Ship Navigation does not require any prior knowledge of the subject from the reader. It starts at the beginning: the first chapter is devoted to definitions and an overview of the challenges facing the navigator and ways of solving them.

Both traditional and modern methods of navigation are discussed. An analysis of investigations into recent incidents of vessels running aground or colliding indicates that there is still a demand for ‘traditional’ methods.

The text deals with navigational problems and methods from a practical viewpoint and contains many pictures and step-by-step diagrams. This makes it easy for the reader to understand not only the theoretical aspects of the problem at hand, but also the situation when actually on watch.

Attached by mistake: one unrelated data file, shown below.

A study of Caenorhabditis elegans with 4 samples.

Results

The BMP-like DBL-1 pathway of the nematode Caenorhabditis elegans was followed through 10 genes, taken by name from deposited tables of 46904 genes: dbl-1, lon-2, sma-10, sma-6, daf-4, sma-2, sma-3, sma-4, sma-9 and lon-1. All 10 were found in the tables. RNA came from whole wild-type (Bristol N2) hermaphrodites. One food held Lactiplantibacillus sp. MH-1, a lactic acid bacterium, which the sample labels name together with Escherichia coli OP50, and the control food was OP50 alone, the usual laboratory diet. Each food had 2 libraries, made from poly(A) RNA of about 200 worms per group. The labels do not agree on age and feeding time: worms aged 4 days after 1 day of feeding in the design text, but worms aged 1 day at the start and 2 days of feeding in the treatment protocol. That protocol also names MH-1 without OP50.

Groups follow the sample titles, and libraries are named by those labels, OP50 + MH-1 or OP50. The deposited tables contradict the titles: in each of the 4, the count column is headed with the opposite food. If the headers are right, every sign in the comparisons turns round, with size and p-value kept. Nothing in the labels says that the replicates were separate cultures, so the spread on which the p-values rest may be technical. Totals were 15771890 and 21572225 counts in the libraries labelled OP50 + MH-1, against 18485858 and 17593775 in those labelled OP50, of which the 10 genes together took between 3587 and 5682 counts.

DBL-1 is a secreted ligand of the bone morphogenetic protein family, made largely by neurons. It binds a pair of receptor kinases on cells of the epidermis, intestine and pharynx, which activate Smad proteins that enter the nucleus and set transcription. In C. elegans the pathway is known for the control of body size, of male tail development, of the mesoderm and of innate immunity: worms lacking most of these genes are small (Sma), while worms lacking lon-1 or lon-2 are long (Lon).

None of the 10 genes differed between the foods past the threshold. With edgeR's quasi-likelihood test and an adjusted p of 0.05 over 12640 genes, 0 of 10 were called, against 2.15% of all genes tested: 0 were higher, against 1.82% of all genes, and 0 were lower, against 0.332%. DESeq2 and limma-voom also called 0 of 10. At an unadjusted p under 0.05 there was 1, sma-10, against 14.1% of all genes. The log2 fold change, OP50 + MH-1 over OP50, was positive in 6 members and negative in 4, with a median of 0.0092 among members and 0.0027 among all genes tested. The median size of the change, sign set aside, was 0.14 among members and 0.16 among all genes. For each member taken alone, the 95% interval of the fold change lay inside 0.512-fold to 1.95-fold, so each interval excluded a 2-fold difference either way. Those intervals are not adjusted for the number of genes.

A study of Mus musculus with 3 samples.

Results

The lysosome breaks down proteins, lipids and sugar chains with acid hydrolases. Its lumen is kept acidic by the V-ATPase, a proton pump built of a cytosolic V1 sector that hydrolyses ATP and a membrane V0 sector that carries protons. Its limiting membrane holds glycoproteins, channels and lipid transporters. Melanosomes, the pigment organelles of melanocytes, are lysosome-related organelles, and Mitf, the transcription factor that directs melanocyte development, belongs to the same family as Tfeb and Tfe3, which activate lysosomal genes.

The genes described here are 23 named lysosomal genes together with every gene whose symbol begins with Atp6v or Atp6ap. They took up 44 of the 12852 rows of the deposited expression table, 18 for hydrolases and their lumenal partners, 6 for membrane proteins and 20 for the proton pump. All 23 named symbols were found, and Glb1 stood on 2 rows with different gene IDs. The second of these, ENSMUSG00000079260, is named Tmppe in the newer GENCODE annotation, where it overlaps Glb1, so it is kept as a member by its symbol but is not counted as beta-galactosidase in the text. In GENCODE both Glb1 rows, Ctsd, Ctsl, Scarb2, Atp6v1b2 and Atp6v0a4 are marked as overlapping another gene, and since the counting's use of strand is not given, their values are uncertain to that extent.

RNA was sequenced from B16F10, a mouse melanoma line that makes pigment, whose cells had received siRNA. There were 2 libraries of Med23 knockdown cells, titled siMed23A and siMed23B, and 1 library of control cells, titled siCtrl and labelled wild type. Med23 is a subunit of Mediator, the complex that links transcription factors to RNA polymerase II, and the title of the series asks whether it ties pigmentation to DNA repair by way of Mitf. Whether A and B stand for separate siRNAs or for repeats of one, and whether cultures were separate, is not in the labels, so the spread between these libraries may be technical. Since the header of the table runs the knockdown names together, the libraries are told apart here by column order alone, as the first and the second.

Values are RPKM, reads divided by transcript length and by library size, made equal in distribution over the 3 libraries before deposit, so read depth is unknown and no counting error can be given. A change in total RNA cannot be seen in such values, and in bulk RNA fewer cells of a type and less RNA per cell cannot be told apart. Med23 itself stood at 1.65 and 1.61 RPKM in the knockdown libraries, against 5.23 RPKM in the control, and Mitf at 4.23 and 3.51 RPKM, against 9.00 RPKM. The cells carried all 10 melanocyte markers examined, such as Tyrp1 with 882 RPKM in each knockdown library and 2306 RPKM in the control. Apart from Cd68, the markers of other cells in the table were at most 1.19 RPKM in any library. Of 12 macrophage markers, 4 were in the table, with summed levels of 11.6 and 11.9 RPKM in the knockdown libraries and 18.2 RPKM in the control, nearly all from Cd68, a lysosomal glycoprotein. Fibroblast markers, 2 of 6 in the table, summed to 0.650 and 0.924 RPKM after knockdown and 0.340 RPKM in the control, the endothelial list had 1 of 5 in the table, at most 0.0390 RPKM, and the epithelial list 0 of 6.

In spite of – or perhaps because of – the abundance of sophisticated electronic navigational aids available today, the human factor is still recognised as a major obstacle to safe navigation. The author has provided numerous examples from accident reports and investigations which illustrate how this unpredictable element impacts on watch keepers and their ability to navigate safely at all times.

The excellent text written by a Master Mariner with many years of watch keeping experience on the high seas and coastal waters, combined with the excellent colour and black-and-white illustrations makes this an essential source of reference for every student of marine science. It will also be useful to many practising deck officers who want to keep up-to-date with the theory and practice of their profession.